Stability with these Tories or chaos with those Tories - Sunak's choice to Britain
Nostalgia is a powerful force for many brands. But the cuddly nature of familiar characters is a gloss for politicians, argues Alastair Duncan.
/ Rishi Sunak. X
You’d be forgiven for feeling some sympathy for Rishi Sunak. With the government relentlessly stuck at 20 points behind Labour in the polls, he’s reshuffled the cabinet, picking a team for the election ahead. I’m calling it the Tetley Tea reshuffle, as he’s reintroducing a former brand character to polish up his reputation.
Former prime minister David Cameron is in as foreign secretary, sending political media and watchers of politics into a spin, or a sit-down and a cup of tea. It’s a bold move, not least in timing, with the Cameron drama overtaking the departure of the controversial Suella Braverman as the main story.
Braverman has been a distracting problem for some time. As the most talked about politician in the UK for the past month, she has been preparing for a leadership challenge on Sunak. Her rhetoric had become very provocative, evidenced by the shabby behavior of English Defence League hooligans at the Cenotaph on Armistice Day.
On the other hand, her favourability ratings are even lower than Sunak’s (15% according to YouGov), and she was pretty ineffective as home secretary, delivering no progress on any of the Tory goals to reduce asylum seekers.
As we know from so many great brand campaigns, nostalgia using familiar characters can be hugely valuable. The Tetley Tea folk resurgence earlier in the decade is a great case study. ‘Bring out the Branston,’ first used in the 1970s for Branston Pickle, is now returning.
Rishi Sunak has also been looking into the kitchen cupboard for a strategy from 1970, the last time former prime minister (and Old Etonian) Alec Douglas Home was appointed to Edward Heath’s government as foreign secretary. Will David Cameron’s appointment now reverse Tory fortunes?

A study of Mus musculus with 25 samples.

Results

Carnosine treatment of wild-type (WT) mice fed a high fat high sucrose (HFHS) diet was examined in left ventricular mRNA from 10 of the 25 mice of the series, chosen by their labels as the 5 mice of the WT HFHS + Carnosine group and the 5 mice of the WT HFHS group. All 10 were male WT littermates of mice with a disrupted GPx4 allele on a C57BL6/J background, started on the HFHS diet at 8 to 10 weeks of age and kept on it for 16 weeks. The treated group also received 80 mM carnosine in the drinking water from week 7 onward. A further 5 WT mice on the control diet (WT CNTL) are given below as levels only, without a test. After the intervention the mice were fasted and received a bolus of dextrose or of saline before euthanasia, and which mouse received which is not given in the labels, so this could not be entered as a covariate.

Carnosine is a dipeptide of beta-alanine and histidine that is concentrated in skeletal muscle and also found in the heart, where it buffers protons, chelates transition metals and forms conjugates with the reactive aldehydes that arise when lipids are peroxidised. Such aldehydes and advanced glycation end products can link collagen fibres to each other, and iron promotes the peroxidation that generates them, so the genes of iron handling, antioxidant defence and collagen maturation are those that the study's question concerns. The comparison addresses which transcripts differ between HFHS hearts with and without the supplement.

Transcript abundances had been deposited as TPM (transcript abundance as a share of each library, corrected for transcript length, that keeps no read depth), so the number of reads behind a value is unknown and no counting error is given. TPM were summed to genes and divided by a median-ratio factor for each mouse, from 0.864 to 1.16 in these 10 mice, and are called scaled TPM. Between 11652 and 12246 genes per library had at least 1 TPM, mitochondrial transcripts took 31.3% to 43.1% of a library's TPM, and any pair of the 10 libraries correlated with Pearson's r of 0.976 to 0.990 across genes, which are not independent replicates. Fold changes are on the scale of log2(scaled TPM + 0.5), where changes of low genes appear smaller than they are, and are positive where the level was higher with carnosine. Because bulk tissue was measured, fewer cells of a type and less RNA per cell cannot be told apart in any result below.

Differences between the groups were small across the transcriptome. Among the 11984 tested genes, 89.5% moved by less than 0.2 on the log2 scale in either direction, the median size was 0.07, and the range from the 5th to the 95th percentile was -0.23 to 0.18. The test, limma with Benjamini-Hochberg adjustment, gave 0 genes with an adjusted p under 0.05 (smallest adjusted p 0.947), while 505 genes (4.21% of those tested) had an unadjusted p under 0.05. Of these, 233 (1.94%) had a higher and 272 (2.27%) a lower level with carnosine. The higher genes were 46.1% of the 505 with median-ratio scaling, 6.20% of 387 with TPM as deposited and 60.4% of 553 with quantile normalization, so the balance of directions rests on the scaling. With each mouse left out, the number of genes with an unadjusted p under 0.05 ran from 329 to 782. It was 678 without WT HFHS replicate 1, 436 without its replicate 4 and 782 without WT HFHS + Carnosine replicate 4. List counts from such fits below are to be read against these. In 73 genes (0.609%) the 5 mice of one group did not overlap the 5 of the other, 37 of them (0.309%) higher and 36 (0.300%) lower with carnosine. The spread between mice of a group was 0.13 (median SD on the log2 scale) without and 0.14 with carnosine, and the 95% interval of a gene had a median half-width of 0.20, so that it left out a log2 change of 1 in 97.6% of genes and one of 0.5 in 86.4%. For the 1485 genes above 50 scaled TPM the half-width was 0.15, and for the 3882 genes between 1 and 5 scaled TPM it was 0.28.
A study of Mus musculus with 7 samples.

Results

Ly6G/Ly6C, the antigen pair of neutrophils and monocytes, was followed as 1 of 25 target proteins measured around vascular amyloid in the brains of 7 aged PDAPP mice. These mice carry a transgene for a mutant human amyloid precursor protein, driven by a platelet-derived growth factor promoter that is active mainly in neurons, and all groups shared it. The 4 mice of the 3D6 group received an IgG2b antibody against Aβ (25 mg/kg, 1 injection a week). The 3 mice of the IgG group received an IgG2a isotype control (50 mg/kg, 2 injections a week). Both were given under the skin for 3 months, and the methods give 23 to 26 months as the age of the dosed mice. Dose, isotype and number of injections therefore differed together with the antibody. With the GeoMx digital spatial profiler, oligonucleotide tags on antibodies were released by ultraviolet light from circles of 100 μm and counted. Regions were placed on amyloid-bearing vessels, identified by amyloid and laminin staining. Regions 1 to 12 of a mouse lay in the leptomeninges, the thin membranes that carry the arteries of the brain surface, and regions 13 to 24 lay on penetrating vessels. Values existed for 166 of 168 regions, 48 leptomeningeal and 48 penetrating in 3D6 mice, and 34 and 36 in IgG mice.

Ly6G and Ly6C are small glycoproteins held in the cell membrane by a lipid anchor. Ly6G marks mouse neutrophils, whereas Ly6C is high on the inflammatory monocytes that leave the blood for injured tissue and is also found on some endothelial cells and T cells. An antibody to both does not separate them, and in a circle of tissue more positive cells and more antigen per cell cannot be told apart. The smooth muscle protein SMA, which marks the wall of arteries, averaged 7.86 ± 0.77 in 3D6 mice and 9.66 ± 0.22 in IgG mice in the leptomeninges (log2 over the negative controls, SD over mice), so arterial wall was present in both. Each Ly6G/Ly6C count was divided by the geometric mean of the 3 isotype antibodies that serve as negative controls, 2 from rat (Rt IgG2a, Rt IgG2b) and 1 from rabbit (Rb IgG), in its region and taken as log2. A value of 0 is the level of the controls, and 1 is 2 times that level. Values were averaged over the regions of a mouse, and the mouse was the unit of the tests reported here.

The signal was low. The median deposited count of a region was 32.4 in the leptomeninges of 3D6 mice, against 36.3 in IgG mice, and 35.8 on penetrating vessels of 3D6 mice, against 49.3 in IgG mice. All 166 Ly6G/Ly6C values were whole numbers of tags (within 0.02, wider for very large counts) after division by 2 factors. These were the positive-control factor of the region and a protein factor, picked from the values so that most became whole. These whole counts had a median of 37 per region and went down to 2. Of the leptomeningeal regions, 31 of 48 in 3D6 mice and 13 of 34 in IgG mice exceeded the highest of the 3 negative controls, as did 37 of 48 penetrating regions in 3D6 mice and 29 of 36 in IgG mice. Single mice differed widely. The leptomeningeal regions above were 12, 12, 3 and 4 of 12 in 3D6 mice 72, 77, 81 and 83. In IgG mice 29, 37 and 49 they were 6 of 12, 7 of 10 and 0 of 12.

He last drifted out of public consciousness back in 2016 when he resigned as prime minister, whistling a jaunty tune. More avid political observers will be aware of his dubious financial dealings as a lobbyist for Lex Greensill. ‘An unelected foreign secretary appointed by an unelected prime minister’ according to one Conservative MP source.
The general public is more familiar with the Danny Dyer clip calling him out for walking away from solving the Brexit crisis precipitated by the EU referendum. And he is associated with harsh austerity policies that have so affected public services so much.
On the world stage, Sunak’s visit to Israel had zero effect on the debate over Palestine, so maybe Cameron can provide something more serious and statesmanlike. He brings an air of confidence and, most importantly for the Conservatives right now, competence.
Voters tend to resort to the familiar in troubled times or demand change. This move signals the death of Sunak’s ‘candidate of change’ strategy (he mentioned change 30 times in his conference speech just over a month ago). It always lacked credibility when he was so intrinsically associated with the Johnson administration.
Despite claims to the contrary, Cameron was seen as competent and still represents a compassionate strand of conservatism that proved electable in 2010. A major attack line for Labour is the Tory incompetence. Maybe Cameron can shore up the defenses and provide some comfort and familiarity for the public.
On the other hand, he is an alienating figure. “A few weeks ago, Rishi Sunak said David Cameron was part of a failed status quo; now he’s bringing him back as his life raft,” said Labour’s campaign strategist Pat McFadden. It also doesn’t say much for the other 350 elected Tory MPs passed over for the job.
Tom Peck, the sketch writer for the Independent, posted on X/Twitter, “At this point in the electoral cycle, what you definitely need is someone who led the campaign against Brexit, attacked you for cancelling HS2 is in favor of net zero targets you scrapped and is kind of embroiled in an ongoing criminal investigation.”
Because he examines everything through a spreadsheet, Sunak lacks humanity. ‘Just call me Dave,’ Cameron puts a little warmth and familiarity back in the Tory canon. I’ll let Groucho Marx have the last line. “Those are my principles, and if you don’t like them... well, I have others.”